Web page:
Saturday, October 16, 2010

Kick-start your wedding planning

Planning your big day’s very exciting in the early stages of the engagement, but once you start really investigating the whole process, it can become daunting. Very daunting. After all, you’re planning a big event and for most of us, this isn’t something we’re accustomed to. To ease you in, I’ve provided my ten top tips to make the process easier.

1.) Set yourself a realistic budget and stick with it!

Break your budget down into categories ie: Ceremony/flowers/reception/transport/stationery etc… If one category works out more expensive than budgeted for, cut down elsewhere to stay within your budget. It’s very easy to get carried away, so breaking it down will ensure you don’t exceed it.

2.) Choosing the venue

Searching and choosing a venue can be the most time-consuming and stressful part of planning your wedding. I always compare it to buying a house – you know when you’ve found the one! Don’t make any rash decisions, take your time and look at numerous venues before making your final choice and securing the venue with a deposit. Once you’ve found the venue, it will be easier for you to move forward and start planning all the fun things, such as the design, colour themes, flowers and the dress!

3.) Create a style board to be able to visualise your day

You may have a colour or theme for your day, but aren’t sure where to start in putting it together. Creating a style board is always a fun way of being able to see your vision and guides you throughout the planning process to stick with it. Look through magazines and wedding blogs for inspiration, cut out pictures form magazines to build a collage.

4.) Set time frames to complete each task

So you’ve set the budget, booked the venue and have a vision for your day. Now it’s time to have some fun! Using your budget, break your wedding duties to be completed down. Concentrate on one area at a time. e.g. florist/photographer/caterer/music – and don’t make any rash decisions. Meet with at least three-to-five suppliers/vendors from each catergory and draw a list of pros and cons to help make your decision easier. If you have a couple of suppliers that have come in close on each category, meet with them again and discuss your options further.

5.) Use your nearest and dearest to help you complete tasks

As well as being there for you to keep you calm and looking beautiful on your day, make sure you utilise your bridal party in helping with the pre-organisation. This could be as simple as researching for bridesmaid dresses or writing out the name place cards for the table. If someone offers to help, take them up on it – it will ease the pressure.

6.) Obtain contracts from all suppliers/vendors you use

Every supplier and vendor you use should provide you with a contract on paying a deposit. This should outline what is and isn’t included in the services they provide and their terms and conditions. It’s always useful to have a contract so you’re able to refer back to it if you feel someone’s not fulfilling their remit. If you’re not presented with a contract on paying a deposit, demand one and do not pay the deposit until you have read and understood the T and Cs. Remember, you’ll be bound by the contract once the deed is done, as will the supplier/vendor.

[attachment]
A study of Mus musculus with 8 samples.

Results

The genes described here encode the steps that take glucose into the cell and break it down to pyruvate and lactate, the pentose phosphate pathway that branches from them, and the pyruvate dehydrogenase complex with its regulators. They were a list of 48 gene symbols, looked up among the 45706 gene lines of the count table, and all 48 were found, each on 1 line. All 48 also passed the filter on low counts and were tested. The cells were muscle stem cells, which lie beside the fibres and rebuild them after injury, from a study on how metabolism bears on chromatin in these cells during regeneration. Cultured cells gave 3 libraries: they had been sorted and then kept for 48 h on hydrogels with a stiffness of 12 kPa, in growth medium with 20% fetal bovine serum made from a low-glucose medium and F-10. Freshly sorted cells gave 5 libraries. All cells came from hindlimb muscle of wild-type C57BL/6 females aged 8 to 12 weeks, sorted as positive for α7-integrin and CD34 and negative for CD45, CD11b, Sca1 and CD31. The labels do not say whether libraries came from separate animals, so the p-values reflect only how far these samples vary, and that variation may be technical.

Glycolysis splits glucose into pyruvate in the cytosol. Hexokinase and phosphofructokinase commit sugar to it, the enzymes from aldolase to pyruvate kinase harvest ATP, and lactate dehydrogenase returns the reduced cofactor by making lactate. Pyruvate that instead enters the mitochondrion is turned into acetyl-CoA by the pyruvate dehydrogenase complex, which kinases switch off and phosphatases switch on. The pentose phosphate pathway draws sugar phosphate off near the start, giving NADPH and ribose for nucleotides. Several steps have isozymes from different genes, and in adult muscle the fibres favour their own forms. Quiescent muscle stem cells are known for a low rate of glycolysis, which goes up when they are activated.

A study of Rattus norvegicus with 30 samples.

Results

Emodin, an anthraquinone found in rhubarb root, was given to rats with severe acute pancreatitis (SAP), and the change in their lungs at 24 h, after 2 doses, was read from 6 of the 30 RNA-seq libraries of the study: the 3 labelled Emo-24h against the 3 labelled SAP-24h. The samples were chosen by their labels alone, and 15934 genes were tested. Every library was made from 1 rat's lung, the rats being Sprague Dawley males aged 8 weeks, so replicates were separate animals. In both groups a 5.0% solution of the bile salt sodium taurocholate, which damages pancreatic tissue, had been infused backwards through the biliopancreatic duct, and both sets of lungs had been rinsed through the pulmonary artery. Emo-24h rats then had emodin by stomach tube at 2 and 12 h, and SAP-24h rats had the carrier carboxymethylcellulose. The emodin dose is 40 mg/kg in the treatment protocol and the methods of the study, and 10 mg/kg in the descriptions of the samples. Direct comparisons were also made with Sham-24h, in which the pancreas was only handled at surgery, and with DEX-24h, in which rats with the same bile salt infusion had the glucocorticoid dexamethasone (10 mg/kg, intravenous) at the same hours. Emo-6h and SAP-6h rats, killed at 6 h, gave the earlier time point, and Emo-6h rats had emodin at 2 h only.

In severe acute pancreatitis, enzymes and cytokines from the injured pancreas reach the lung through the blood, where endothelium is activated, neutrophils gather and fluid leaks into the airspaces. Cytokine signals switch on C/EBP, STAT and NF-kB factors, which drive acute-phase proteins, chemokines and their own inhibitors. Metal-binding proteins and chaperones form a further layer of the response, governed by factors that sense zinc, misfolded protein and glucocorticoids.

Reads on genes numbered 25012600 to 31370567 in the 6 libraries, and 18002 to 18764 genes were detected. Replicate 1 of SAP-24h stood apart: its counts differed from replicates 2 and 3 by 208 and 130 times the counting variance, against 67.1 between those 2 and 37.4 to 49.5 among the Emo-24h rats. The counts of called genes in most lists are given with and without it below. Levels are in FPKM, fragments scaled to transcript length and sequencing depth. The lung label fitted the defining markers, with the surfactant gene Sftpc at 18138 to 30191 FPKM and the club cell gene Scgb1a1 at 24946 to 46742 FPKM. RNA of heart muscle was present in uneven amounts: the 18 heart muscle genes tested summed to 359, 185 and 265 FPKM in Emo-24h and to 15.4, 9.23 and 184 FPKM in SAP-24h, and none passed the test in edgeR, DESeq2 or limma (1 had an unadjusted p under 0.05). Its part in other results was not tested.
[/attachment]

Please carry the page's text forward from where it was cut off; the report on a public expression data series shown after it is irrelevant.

7.) Keep a record of payments to be made/outstanding

Put together a payment timeline of deposits paid, next payment and final payment due dates. This will ensure you don’t miss any payments and keep suppliers happy.

8.) Utilise the ushers

Ensure you give each usher a task to complete on the day. This could be greeting and directing guests at the church, aiding late arrivals, making sure everyone is on the transport provided back to the venue, guiding guests at the venue in the right direction, collecting the cards, and ushering them to be seated at the tables when required.

9.) Have a running itinerary of the day’s events

An itinerary will ensure your day runs on time, from the moment the hair and make-up artists arrive, right through to the first dance. Give the itinerary to all involved and run through it with them, including the groom and ushers, but have someone responsible in charge of it on the day. Ideally, this should be your maid of honour and on the groom’s side, the best man. Outline their duties, so they know what they are doing, where they are supposed to be and at what time. Also make notes of supplier telephone numbers in case anything should go wrong.

10.) Hire a wedding planner

A wedding planner isn’t just for the rich and famous and doesn’t have to cost absurd amounts of money. Most wedding planners offer numerous types of services that won’t blow your budget such as on the day management or last minute management. Both of these services will ensure all the finer details are taken care of and your day runs like clockwork. A lot of wedding planners also offer an hourly planning consultation service offering advice and tips on how to kick-start the wedding planning process. This may be charged at an hourly rate – normally at £35 per hour or as a package for a certain amount of hours.

1 comment:

  1. Wow! I wish I had used something like that. Believe it or not, my wedding organization mainly consisted of various excel spreadsheets and paper lists, nothing more. So use in main wedding planner.